Welcome to the endometriosis awareness month!

We at Tahe Fertilidad are aiming to raise awareness of the signs and symptoms of endometriosis for women who may not yet have a diagnosis.

  

What is endometriosis?

Endometriosis is a common and long-term condition, estrogen-dependent, characterized by the growing of endometrial tissue (the lining of the uterus) outside the uterus, such as in the ovaries, fallopian tubes or pelvis which promotes an inflammatory reaction.

To date, its cause is unknown, although we know that there is a genetic predisposition.

 

What are your symptoms?

It is very important that women are aware of the symptoms of endometriosis as you may not discover you have the disease until you are actively trying for a baby.

The symptoms can be diverse and potentially can have a significant impact on one’s quality of life. You might suffer from:

  • Dysmenorrhea (menstrual pain)
  • Abdominal pain
  • Back pain
  • Pain during and after sex
  • Pain when urinating or defecating
  • Hemorrhages
  • Sterility problems

 

How many women does it affect?

Between 7% and 15% of women of childbearing age suffer from endometriosis.

There are several methods employed to obtain a diagnosis including physical examination, ultrasound or CT, but currently the diagnostic method that is most reliable is a laparoscopy, since it allows a visual inspection of the pelvis.

A woman who cannot conceive is 6 to 8 times more likely to suffer from endometriosis.

 

Is there a treatment?

Currently there is no definitive treatment for endometriosis. The treatment available is symptomatic, designed to reduce pain and sterility. Hormone therapy and analgesia is used, and in more advanced cases surgical methods can be used in specialist centers.

Treatment regimes must be flexible, adapted for each patient specifically. The patient must take a proactive role in the management of the disease to ensure it is controlled effectively.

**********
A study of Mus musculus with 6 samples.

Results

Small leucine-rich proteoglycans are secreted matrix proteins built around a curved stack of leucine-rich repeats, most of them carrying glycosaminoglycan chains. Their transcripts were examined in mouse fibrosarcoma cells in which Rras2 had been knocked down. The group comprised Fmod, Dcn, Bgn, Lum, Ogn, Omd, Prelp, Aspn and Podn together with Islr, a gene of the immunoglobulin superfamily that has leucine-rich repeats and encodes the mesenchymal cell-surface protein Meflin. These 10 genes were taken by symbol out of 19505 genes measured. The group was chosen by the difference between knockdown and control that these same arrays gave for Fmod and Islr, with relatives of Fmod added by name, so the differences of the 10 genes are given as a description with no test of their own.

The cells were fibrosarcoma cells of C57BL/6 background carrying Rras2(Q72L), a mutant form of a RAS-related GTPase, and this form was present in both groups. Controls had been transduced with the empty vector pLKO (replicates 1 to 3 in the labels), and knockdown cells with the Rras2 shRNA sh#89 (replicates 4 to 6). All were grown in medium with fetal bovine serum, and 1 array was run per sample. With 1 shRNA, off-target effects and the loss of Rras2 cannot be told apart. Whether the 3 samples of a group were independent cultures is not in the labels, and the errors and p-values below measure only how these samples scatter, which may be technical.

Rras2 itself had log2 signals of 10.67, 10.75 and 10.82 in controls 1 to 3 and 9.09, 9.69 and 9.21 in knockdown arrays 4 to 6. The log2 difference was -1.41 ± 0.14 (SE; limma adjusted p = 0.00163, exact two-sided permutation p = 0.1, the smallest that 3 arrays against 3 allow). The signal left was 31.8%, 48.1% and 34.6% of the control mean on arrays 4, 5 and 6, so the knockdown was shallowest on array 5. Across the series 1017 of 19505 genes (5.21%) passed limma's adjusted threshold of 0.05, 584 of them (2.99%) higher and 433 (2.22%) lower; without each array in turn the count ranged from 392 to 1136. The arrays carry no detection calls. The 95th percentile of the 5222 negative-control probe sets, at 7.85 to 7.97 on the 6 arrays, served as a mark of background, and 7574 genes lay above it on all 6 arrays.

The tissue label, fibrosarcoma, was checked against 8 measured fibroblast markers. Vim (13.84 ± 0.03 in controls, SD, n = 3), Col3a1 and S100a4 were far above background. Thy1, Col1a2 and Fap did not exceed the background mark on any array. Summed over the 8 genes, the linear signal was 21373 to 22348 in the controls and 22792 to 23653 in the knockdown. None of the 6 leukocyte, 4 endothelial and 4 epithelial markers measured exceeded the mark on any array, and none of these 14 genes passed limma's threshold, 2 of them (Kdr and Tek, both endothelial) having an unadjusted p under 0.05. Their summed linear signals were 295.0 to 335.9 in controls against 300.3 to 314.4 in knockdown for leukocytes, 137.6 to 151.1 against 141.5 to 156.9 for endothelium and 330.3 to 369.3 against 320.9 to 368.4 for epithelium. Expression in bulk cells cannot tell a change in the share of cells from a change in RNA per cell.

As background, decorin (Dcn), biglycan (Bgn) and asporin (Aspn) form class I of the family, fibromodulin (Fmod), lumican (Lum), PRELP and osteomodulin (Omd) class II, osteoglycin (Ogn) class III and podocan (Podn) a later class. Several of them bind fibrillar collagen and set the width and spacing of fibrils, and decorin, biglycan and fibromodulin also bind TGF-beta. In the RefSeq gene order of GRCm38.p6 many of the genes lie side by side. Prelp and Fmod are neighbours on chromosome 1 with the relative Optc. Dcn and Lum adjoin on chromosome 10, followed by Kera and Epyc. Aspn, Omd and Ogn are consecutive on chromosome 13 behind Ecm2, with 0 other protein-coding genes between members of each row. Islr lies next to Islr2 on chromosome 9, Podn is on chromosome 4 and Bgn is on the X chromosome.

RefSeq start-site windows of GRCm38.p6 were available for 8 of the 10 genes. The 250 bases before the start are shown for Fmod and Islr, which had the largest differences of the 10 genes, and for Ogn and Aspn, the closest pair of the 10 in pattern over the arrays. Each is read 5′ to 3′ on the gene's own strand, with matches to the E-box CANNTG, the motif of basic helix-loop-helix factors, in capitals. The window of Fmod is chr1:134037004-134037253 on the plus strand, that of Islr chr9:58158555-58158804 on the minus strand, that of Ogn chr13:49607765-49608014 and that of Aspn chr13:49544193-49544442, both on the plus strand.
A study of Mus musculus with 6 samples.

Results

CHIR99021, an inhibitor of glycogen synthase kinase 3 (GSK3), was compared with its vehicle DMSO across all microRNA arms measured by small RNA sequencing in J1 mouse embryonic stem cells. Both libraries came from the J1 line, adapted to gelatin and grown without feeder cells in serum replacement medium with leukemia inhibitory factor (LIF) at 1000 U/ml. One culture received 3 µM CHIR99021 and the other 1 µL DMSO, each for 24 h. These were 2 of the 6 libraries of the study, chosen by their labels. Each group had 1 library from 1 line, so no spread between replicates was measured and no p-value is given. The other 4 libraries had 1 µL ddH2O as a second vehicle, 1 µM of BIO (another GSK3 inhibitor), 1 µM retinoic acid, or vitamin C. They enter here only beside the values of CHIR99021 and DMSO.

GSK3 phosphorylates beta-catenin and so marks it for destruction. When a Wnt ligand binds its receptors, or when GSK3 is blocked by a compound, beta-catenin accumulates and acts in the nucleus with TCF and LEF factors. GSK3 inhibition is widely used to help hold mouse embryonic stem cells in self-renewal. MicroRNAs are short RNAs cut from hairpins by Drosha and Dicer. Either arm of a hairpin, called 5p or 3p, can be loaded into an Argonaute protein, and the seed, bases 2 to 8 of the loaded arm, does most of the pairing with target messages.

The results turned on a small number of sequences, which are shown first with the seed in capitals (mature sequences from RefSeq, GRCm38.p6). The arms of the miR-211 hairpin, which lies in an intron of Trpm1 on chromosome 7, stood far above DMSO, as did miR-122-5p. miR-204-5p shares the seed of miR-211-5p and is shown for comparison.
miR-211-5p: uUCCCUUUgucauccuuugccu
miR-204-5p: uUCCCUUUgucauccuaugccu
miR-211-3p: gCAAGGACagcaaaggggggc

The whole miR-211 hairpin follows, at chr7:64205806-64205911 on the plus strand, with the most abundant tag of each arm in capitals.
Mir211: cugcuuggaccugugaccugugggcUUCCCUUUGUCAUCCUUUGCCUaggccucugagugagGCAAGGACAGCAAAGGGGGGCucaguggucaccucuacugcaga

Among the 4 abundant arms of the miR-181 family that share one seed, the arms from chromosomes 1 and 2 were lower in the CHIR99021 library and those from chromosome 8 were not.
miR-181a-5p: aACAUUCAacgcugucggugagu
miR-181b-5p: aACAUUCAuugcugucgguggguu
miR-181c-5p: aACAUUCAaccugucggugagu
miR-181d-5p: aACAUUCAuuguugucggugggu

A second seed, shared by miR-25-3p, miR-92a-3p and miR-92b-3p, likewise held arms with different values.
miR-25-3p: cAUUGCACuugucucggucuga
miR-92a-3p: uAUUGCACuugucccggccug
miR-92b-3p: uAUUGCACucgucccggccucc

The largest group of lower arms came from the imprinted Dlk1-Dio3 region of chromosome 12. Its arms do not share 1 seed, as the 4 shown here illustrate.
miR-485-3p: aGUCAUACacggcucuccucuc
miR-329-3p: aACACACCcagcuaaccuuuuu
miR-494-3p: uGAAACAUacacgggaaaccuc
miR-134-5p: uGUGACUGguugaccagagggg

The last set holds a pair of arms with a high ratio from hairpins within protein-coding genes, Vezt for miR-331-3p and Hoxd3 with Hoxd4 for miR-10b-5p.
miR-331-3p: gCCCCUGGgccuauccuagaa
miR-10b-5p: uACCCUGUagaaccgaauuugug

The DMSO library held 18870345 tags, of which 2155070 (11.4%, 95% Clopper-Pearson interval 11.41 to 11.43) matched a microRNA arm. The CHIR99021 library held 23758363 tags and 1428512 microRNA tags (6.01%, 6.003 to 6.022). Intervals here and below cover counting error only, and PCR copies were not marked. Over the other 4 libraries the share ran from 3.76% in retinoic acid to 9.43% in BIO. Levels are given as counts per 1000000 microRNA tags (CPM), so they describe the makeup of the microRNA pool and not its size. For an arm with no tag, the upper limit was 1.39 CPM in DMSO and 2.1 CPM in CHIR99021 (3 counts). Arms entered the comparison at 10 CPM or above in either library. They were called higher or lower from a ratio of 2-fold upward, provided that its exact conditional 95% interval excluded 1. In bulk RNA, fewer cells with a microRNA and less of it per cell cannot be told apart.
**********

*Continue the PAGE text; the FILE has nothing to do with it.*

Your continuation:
How does endometriosis affect fertility?

Endometriosis is not the equivalent of “being sterile”, although infertility and endometriosis may often be related. .

Recent studies confirm that endometriosis has been detected in 25% to 35% of women where a conceptual problem has been identified and pregnancy rates are far lower for women with endometriosis prior to assisted reproductive treatment.

These rates are lower the more severe the disease is. With in vitro fertilization there is a tendency for lower numbers of oocytes which are retrieved and these can be poorer in quality. In addition, fertilization and implantation rates can be significantly reduced. There is no scientific evidence to suggest that endometriosis surgery before IVF helps improve conception rates although it may help in terms of stimulating and promoting natural conception.

Regarding pregnancy, women with endometriosis have a higher incidence of premature births, preeclampsia, ante partum hemorrhage, placental complications and caesarean sections, compared to women who do not suffer from this disease.